How Homeowners Insurance Covers Trampolines and Treehouses

How Homeowners Insurance Covers Trampolines and Treehouses


If your home insurance policy does cover injuries from trampolines and treehouses, only those outside of the household would fall under the protection of your liability coverage. Any members of the household who are injured would not be able to file a home insurance claim, and would instead rely on their health insurance.

Trampolines and homeowners insurance

You could be responsible for another person's injuries on your trampoline, even if you didn't give them permission to use it.

Trampolines are considered attractive nuisances — something on someone’s property that might attract a child but pose a risk to their well-being. Anything considered an attractive nuisance is the responsibility of the property owner and they are liable for any harm it might cause.

In the event something happens to someone jumping on a trampoline on your property, you don’t want to be liable and have to pay for medical costs out-of-pocket. The liability costs could be extremely high, especially considering one in 200 trampoline injuries result in permanent neurological damage.

Moreover, making just one liability claim could cause your homeowners insurance cost to rise. This is because insurers tend to view liability cases as likely to occur more than once.

Does homeowners insurance cover trampolines?

It's likely that most home insurance companies will cover trampolines. In fact, some insurance companies won't care whether you own a trampoline or not, as long as nobody has been injured on your property.

However, it's more likely that your home insurance company will allow you to have a trampoline with some conditions. For instance, you may be required to surround the outside of your trampoline with a safety net to keep jumpers from falling off. Or you may have to allow only one bouncer at a time to remain covered.

For example, Nationwide details the equipment requirements trampoline owners should follow, such as installing high safety nets and placing the trampoline over sand or wood chips versus concrete. If a homeowner doesn’t follow these directions, they could potentially make themselves vulnerable to a claim denial.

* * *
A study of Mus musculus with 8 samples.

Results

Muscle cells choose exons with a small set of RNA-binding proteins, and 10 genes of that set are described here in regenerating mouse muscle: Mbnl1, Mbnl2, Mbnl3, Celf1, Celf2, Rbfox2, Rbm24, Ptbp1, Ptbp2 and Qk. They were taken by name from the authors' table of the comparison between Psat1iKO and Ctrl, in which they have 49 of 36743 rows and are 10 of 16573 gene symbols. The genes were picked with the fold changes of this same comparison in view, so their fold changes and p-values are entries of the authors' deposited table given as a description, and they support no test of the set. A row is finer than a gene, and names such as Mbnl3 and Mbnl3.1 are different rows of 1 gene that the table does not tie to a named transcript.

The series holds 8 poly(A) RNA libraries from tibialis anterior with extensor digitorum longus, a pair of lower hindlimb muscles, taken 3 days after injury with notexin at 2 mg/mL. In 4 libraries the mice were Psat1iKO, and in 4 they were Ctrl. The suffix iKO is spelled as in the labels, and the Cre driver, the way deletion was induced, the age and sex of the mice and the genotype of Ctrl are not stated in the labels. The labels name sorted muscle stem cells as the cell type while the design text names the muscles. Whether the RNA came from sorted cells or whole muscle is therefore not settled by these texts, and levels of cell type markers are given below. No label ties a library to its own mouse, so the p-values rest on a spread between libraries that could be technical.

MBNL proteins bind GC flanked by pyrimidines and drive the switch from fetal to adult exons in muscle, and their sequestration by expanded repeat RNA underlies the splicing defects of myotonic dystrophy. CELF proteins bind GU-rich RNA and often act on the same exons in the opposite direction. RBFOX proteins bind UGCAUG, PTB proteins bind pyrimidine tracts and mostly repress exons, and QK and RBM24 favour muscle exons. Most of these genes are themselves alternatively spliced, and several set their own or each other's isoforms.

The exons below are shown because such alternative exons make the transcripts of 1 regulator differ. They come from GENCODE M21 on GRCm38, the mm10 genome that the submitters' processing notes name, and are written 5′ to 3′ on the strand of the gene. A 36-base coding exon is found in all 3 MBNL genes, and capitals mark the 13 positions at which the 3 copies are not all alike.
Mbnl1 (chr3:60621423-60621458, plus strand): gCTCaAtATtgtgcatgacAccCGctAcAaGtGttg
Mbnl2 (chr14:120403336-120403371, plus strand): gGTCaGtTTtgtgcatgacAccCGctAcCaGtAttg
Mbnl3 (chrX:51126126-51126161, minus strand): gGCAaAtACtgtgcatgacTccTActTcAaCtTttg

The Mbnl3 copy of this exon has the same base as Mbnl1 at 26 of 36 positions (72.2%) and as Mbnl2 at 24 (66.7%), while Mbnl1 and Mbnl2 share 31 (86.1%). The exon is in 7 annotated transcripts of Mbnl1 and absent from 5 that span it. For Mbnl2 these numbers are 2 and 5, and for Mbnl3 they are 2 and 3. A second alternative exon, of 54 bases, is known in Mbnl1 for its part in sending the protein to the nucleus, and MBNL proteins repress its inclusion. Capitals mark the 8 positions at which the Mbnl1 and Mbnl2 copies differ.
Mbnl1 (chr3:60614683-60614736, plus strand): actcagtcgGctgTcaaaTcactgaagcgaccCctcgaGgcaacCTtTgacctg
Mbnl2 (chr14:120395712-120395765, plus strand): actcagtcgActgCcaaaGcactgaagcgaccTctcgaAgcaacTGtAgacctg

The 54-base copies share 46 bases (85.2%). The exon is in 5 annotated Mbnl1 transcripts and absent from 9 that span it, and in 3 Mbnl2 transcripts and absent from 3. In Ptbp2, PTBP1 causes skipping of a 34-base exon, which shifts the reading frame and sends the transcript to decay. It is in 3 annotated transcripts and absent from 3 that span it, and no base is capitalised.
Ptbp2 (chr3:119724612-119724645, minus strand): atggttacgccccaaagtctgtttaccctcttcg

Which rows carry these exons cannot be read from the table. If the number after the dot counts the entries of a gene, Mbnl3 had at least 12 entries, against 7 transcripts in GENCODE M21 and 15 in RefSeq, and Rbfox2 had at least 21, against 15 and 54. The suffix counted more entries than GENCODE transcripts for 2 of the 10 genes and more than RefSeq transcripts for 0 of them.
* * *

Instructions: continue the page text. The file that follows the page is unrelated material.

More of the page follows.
On the other hand, some carriers might allow policyholders to have a trampoline but have written in their policies that they will not cover any claims related to trampoline accidents. This is a dangerous situation for a policyholder, since they would have to pay for potential liability claims related to the trampoline out-of-pocket, which might be very expensive.

To some companies, the liability of a trampoline is simply higher than they are willing to insure. Under these circumstances, your policy wouldn't be renewed once it expired — assuming you bought a trampoline in the middle of your policy's term. To avoid the risk of cancellation or nonrenewal, don't buy a trampoline before consulting your home insurance company.

Treehouses and home insurance

Exclusions for treehouses are less likely than trampolines because they are not comparatively as high-risk. Fewer than 2,800 children are treated in emergency departments for injuries related to tree houses each year, according to the Center for Injury Research and Policy.

Still, you should speak to your insurance company before building a treehouse to be sure you wouldn't be in violation of their policy agreement and subject to either a cancellation or nonrenewal.

Like a trampoline, if a member of the household suffers a treehouse-related injury, they will need to file a health insurance claim or pay for any medical expenses out-of-pocket. However, if a neighbor or anyone else is injured using a policyholder’s treehouse, the policyholder would be liable.

Make sure if you build a treehouse you do everything you can to eliminate obvious risks and make it as safe as possible. Choose a sturdy tree to build it, make sure it is adequately constructed and be sure it is in compliance with local authorities. Tree houses cannot give those using them the ability to look into the homes of any neighbor or be near any power lines.